Those dreadful lulls! You know what I mean: the time in a facilitated session between when a participant finishes giving a comment and you finishing writing it. That time can sometimes feel like an eternity as the entire group waits for you to finish writing so that someone else can make the next comment.
And, of course, we try to avoid the lull at all costs.
- We write as fast as we can…frequently illegibly.
- We abbreviate words…sometimes even we can’t figure out later what the abbreviation meant.
- We use sticky notes, index cards, sticky walls, and other vehicles that get them writing instead of us.
But despite the best efforts of the facilitator to avoid lulls while writing, it seems that they all too frequently happen. How do you avoid the lull period while writing? Let’s use the following dialogue from The Secrets of Facilitation to demonstrate the techniques you can use.
Sample Dialogue: Avoiding Lulls
Participant: What I think we should do is utilize on-line directories to increase the size of the applicant pool.
Facilitator: So, you said we should “Utilize on-line directories . . .” to do what then? (still writing)
Participant: To increase the size of the applicant pool.
Facilitator: OK . . . to increase the size of the applicant pool. Why is that important? (still writing)
Participant: Well, the bigger the pool, the better chances we have of finding a qualified candidate.
Facilitator: Got it. What other improvements might we consider?
Five techniques for reducing lulls and getting the participants to fill them
- Stay close to the writing boards when you are brainstorming or recording a list of information. This will put you in position to begin writing early.
- Begin writing at the first “recordable” word. It is important to begin writing as soon as possible to minimize the lull time. If you wait until a participant finishes a comment to start writing, you will automatically extend the lull. At the same time, however, participants often give a preamble phrase as a start to answering your question. Therefore, it is important to listen for the first “recordable” word. In the example, you want to know ways to improve the hiring process. Given the participant’s first statement, you would begin writing as soon as you heard the word “utilize.”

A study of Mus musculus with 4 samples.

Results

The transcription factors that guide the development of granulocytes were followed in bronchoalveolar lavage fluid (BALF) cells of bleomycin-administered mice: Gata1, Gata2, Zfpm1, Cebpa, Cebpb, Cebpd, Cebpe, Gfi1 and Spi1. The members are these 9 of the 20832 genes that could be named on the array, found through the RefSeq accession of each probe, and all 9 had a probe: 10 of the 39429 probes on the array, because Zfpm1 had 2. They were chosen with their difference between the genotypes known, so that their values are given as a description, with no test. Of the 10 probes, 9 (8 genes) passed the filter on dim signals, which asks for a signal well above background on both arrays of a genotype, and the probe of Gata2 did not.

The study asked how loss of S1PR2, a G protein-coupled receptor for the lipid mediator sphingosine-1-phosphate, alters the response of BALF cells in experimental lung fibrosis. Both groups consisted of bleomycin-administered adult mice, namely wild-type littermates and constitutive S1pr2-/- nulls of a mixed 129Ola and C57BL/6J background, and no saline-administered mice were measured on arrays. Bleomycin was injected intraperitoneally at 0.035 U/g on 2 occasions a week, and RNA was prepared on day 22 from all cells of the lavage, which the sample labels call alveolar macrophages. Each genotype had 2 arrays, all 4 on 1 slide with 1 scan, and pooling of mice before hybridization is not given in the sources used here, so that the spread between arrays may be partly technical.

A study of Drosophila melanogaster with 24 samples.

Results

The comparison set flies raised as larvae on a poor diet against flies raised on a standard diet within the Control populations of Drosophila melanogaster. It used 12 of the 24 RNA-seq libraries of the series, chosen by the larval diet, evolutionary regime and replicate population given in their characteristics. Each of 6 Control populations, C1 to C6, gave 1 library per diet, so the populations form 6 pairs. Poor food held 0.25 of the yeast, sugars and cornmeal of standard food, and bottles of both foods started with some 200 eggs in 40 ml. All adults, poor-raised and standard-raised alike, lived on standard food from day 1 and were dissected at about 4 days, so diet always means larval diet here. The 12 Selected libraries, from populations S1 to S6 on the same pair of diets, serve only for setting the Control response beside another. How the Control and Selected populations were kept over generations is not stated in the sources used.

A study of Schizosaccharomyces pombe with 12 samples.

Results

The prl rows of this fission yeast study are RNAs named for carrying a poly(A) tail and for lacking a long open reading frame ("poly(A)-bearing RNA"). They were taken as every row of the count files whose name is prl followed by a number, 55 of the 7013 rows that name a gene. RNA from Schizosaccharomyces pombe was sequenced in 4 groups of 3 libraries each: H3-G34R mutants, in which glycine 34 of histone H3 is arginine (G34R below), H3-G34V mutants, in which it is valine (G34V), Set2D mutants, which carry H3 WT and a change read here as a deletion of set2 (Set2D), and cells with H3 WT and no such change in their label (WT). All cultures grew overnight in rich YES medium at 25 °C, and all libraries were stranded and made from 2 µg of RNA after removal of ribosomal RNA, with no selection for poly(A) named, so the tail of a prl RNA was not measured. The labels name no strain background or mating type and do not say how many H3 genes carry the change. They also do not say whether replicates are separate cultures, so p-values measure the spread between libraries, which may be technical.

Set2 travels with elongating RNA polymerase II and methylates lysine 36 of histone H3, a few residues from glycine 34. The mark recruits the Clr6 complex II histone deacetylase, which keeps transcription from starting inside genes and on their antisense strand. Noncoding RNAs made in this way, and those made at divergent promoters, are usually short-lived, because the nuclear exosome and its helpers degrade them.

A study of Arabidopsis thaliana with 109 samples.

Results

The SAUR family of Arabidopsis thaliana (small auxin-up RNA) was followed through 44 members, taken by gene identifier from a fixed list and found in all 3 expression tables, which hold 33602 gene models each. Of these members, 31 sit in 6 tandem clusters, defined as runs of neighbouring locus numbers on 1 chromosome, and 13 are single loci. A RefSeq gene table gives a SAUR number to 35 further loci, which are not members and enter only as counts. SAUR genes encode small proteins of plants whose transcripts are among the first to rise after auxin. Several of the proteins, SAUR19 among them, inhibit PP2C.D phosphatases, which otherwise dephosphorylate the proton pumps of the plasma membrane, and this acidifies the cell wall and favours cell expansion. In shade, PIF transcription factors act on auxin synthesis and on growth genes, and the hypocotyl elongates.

- Repeat what the participant said as you write. Once a participant has finished speaking, repeat the words as you write them. Your words will fill in the lull time and help retain the interest of the group.
- Ask participants to repeat their words. After repeating parts of what the participant has said, ask the participant to repeat the parts remaining for you to record while you continue to write. “So you said, ‘Utilize on-line directories to . . .’ do what then?” You may already know the rest of what was said, but by responding to your prompt, the participant fills in the lull time.
- Ask a direct probe if you still need additional time. A probe such as, “Why is that important?” allows you to finish writing while the participant responds to your question.
With practice, you may find that you can effortlessly use these techniques for effectively avoiding lulls while writing.
To learn more about facilitation skills, consider our course, The Effective Facilitator. The four-day course provides a structured approach for leading teams and facilitating meetings and covers over 100 techniques for getting amazing results from groups.